The closure, imposed November 5 to force Gaza's Hamas rulers to halt rocket fire on Israeli border communities, comes after 19 months of sharply restricted access to the territory. The isolation has taken its toll, causing rolling blackouts and shortages of fuel and cooking gas.
Samah Ahmad jokes that she looks like a miner.
The 29-year-old Gaza resident uses her mobile phone as a flashlight, fastening it to her head with a scarf. The light illuminates her embroidery work through the night.
"If I wasn't doing embroidery, I'd be lying awake, doing nothing," said Ahmad.
Ahmad likes African motifs and is working on an orange-and-yellow pattern inspired by the Ghanian flag. She charges her phone when the electricity is on, giving her about four hours worth of light.
Her only complaint? "Sometimes I fix the phone so tightly it hurts," Ahmad says.
Khalil Abu Shamaleh, 38, can be seen most nights huddled in Gaza cafes that offer wireless Internet.
Shamaleh, who belongs to Gaza's small minority of laptop carriers, is used to going online from his apartment. But Gaza's blackouts often cut his connection, and when Gaza goes dark he sets up in generator-powered cafes.
Electricity is distributed in a rotating system around sections of the city, and Abu Shamaleh has memorized the schedule.
One recent evening in a Gaza cafe, Abu Shamaleh stood up at his corner table, paid his bill and packed up his laptop.
He knew it was his neighborhood's turn to get electricity.
"Power's back on," he said, smiling. "I'm going home."
Every dawn, 37-year-old Ferial Kheisi and her mother-in-law head to a backyard hut where they keep an ancient wood-burning oven. They bake hundreds of pita loaves for their large clan east of Gaza City.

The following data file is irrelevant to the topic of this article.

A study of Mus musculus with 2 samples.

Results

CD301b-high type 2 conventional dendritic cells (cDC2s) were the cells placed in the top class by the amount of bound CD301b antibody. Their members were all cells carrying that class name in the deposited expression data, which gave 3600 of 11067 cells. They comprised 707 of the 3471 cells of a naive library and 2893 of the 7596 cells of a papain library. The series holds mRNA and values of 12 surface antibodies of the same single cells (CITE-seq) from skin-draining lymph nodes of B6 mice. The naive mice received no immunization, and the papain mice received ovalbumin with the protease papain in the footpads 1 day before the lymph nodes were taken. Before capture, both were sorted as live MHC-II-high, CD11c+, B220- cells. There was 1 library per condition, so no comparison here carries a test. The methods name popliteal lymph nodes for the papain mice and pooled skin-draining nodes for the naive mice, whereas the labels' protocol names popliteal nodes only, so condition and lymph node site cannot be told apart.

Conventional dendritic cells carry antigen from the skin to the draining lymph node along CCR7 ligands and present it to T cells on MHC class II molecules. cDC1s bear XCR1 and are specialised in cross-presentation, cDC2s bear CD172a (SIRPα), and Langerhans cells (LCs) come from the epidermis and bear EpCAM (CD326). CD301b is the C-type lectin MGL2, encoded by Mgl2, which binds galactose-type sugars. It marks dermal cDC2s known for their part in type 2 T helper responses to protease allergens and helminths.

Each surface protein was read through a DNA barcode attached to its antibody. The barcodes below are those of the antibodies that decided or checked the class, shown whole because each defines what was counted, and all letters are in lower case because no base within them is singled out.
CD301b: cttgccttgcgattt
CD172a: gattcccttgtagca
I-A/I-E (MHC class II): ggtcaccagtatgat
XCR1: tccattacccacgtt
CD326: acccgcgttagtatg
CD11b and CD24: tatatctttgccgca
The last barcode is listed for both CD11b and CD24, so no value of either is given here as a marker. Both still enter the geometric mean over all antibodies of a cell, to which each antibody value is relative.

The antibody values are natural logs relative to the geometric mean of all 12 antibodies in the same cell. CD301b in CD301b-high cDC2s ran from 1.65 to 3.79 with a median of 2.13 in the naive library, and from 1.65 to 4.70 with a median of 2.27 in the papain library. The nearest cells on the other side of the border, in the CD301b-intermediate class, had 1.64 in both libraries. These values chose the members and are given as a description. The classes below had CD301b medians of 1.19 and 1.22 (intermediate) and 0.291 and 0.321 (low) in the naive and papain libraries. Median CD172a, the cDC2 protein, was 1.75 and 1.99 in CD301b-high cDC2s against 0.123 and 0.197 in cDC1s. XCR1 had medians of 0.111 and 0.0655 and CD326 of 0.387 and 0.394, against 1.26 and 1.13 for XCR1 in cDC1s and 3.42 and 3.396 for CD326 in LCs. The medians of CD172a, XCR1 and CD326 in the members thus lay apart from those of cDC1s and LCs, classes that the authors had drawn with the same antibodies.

Kheisi's routine hasn't changed since she married at age 14. She's expert enough to breast-feed her toddler son while tossing in loaves.
Since blackouts immobilized Kheisi's electric oven, she's begun using her wood stove for more than baking bread. Now she takes advantage of the heat and the flames shooting through the stove's roof to cook pots of food Â— usually beans and rice.
The power cuts have left Kheisi tied to wood fires all day. There's tea to boil for the men and for guests, food to cook before her children come home from school, and then more tea after lunch.
"Everything tastes better cooked over a wood fire," Kheisi said through the smoke.
Customers crowd around the shack of old-fashioned tinkerer Mohammed Abu Seif to repair the stoves their grandparents once used.
The blackouts and a severe shortage of cooking gas have put most ovens out of commission. But these copper stoves, dug out of basements and storage rooms, can work on diesel fuel, with a little salt added to diminish the smell. Diesel remains widely available, smuggled into Gaza through tunnels that crisscross the territory's border with Egypt.
Umm Mohammed, a 50-year-old housewife, waited at the shop to repair her ancient stove.
She remembered her family using the stove to heat bath water when she was a girl. Her family had kept it in storage since electricity arrived decades ago.
"It's noisy, it goes wee, wee and scares the kids," she said. "We wanted to forget these stoves."
On the counter of electrician Khalil Azzam's shop lie the most recent casualties of Gaza's power cuts: three cordless telephones, two electric teapots, a rice cooker, a fax machine, three blenders and an iron. There are more in the back, he said.
A steady steam of customers flowed in on a recent afternoon: A woman in a flowery blue headscarf brought in a fried hairdryer. A man in a suit brought in an electric teapot, a desk lamp and a pair of computer speakers. Aisha Hasan, a high school teacher, came to collect the tape deck she uses to listen to news, religious music and "anything that's not forbidden by Islam," like love songs, she said.
All met their end in the same way.
"When the electricity goes out then comes back on, there's a surge and it can burn out everything," said Azzam, 35.